Publishers Object to Losing the Ability to Profit From Publishing Papers They Didn’t Pay For (And Research They Didn’t Fund)

I don’t say this enough but one of the problems in academic publishing is how journal publishers are exploiting the academic “publish or perish” imperative to force researchers to hand over the copyrights on their research papers.

The journal publishers do not buy the copyright, nor do they fund the research, but because the publishers have a monopoly on distribution, they have all the power and are able to demand whatever they want, including control.

And once they get control of a paper, they put it behind a paywall that is so costly that entire state university systems are forgoing access.

I am not the first to point this out, and there is growing support for the idea that (at the very least) any research funded by the public should belong to the public and should not become the property of for-profit journal publishers. (This is the Open Science movement.)

So when I read that the Trump administration was considering a rule that said all papers based on publicly funded research should be made available to the public immediately upon publication, I cheered.

Publishers, on the other hand, are panicked at the idea that they might lose their monopoly on knowledge.

The AAP published an open letter least week condemning the proposed change. You can read it over on their website. (I would quote it here, but I could not find a clip that wasn’t nonsense.)

The tl;dr summary of the AAP’s position is that, in order to further the spread of knowledge, they have to … *checks notes* … restrict access to it by putting it behind a paywall.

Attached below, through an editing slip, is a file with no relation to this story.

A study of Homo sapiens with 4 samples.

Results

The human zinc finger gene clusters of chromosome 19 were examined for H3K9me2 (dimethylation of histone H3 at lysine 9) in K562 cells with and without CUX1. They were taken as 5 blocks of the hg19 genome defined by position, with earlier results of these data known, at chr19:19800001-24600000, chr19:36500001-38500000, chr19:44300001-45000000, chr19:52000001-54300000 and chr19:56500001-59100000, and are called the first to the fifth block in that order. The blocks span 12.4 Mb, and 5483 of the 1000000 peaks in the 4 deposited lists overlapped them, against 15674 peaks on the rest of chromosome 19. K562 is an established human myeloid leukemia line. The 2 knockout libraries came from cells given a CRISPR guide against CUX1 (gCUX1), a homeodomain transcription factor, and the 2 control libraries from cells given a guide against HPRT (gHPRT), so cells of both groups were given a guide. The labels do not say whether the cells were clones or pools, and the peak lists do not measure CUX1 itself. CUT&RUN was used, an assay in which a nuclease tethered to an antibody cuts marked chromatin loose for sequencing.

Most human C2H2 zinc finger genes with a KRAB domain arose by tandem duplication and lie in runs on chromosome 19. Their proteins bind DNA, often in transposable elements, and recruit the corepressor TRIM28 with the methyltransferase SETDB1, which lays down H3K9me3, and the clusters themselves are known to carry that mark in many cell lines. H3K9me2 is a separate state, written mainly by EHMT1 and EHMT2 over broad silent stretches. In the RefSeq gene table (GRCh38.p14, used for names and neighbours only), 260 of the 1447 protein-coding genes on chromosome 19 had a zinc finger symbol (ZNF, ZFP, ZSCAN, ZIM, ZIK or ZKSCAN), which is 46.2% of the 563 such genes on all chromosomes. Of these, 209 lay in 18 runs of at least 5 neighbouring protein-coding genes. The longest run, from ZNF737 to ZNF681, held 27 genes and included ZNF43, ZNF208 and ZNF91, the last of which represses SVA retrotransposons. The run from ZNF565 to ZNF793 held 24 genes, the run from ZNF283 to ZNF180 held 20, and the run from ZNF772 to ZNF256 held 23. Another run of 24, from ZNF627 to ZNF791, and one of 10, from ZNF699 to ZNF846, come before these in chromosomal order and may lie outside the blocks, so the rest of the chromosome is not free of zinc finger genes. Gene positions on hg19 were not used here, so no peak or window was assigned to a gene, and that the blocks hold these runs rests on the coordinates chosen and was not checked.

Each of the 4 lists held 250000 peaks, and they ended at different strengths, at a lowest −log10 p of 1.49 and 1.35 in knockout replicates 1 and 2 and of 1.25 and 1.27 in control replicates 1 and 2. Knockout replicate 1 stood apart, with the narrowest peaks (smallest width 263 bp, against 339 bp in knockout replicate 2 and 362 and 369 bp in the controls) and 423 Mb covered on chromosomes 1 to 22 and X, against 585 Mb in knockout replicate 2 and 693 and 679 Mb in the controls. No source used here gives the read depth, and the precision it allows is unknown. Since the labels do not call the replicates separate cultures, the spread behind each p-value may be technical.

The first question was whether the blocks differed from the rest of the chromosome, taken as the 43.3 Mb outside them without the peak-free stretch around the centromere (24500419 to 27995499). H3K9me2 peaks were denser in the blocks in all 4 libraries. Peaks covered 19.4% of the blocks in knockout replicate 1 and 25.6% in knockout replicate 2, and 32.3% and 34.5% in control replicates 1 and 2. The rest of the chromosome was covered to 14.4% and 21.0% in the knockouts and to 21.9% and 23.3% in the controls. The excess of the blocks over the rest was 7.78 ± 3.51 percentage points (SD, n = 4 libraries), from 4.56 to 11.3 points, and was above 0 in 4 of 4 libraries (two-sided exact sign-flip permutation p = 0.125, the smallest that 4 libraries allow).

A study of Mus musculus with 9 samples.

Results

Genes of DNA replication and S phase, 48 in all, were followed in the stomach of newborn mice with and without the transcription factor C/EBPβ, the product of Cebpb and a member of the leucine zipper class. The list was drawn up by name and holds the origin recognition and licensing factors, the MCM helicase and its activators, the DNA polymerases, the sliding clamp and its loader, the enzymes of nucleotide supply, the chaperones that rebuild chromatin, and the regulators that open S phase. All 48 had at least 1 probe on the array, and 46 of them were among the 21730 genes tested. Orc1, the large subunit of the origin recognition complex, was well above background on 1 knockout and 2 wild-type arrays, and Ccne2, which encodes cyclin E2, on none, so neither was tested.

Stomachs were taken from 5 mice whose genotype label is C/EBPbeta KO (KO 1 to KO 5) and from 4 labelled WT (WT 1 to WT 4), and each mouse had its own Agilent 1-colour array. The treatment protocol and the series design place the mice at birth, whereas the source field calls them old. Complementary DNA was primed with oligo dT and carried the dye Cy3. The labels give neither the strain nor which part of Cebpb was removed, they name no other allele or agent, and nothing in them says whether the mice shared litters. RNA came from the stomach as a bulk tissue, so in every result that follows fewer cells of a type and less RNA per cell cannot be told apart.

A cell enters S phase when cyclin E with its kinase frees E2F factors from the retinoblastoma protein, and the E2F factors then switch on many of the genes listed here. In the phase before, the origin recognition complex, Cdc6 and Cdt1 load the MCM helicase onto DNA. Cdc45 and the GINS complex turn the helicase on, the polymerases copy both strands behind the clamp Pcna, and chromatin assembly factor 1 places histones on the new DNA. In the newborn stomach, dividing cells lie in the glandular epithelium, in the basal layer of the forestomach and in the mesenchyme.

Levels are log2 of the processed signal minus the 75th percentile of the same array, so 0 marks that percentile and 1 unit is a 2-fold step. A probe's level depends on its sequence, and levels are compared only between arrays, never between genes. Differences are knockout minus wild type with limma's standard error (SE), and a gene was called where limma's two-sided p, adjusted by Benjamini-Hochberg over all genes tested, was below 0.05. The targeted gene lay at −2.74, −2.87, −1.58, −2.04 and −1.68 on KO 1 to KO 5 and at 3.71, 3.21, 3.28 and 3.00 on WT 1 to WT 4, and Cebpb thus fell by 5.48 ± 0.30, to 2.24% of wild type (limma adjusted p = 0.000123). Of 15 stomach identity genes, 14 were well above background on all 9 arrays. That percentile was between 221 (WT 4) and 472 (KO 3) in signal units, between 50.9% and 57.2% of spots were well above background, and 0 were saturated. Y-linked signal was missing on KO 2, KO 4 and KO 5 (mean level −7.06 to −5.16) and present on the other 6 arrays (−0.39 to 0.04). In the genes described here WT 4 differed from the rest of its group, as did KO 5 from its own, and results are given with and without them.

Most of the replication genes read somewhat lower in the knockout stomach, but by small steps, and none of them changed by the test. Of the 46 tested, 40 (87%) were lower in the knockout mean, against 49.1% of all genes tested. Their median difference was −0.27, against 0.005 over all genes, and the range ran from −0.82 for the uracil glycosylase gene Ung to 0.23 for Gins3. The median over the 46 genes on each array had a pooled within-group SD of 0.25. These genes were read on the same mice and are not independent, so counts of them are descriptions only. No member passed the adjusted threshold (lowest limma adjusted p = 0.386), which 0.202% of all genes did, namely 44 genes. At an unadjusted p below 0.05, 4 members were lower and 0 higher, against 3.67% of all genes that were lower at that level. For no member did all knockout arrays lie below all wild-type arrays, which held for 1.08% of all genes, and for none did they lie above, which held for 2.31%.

Don’t try to make sense of that claim; you might hurt yourself. (Or even worse, you might be able to understand the thinking, which would be even scarier.)


image  by gruntzooki via Flickr

Nate Hoffelder

View posts by Nate Hoffelder
Nate Hoffelder is the founder and editor of The Digital Reader. He has been blogging about indie authors since 2010 while learning new tech skills weekly. He fixes author sites, and shares what he learns on The Digital Reader's blog. In his spare time, he fosters dogs for A Forever Home, a local rescue group.


  1. Disgusting Dude23 December, 2019

    Same logic as saying they foster literature by rejecting 99% of manuscripts based on *their* ability to sell them without marketing.

    1. Nate Hoffelder23 December, 2019


      this is true

  2. Anna Castle24 December, 2019

    You kind of skipped right past this part: “Many academic journals are funded by subscription fees collected in the first year of publication. The Trump mandate could force publishers to shift their model so authors pay hefty article processing charges, or APCs.”

    Will the new mandate let publishers demand payment from the scholars and scientists who do the research? They don’t have it, which means it would become a line item in the grant supporting the research, if there was one. So the taxpayers would still be paying for the publication, just a few steps back in the process. And note that lots of papers are written years after the grant money’s been spent. I guess those would just not get published.

    Read the whole article. This initiative is not a good idea. The Union of Concerned Scientists is skeptical about it. We should be too.

  3. Paul24 December, 2019

    In addition sometimes the papers are published after the three or five year grant is up, and then the university has to pay the APC’s, assuming they get it because the money is clawed back by the agencies if it’s not spent,

    The average cost of publishing a research paper is $1500-$10,000 depending on how many reviews it goes through and how many papers are rejected. (The cheapest I’ve come across that meets US guidelines on accessibly is $500, and the Peer Review of that content is weak). Even PLOSOne is having difficulty in the marketplace since Nature launched scientific reports.

    This is a terrible idea, might bankrupt most of the societies and strengthen the large commercial publishers like Elsevier.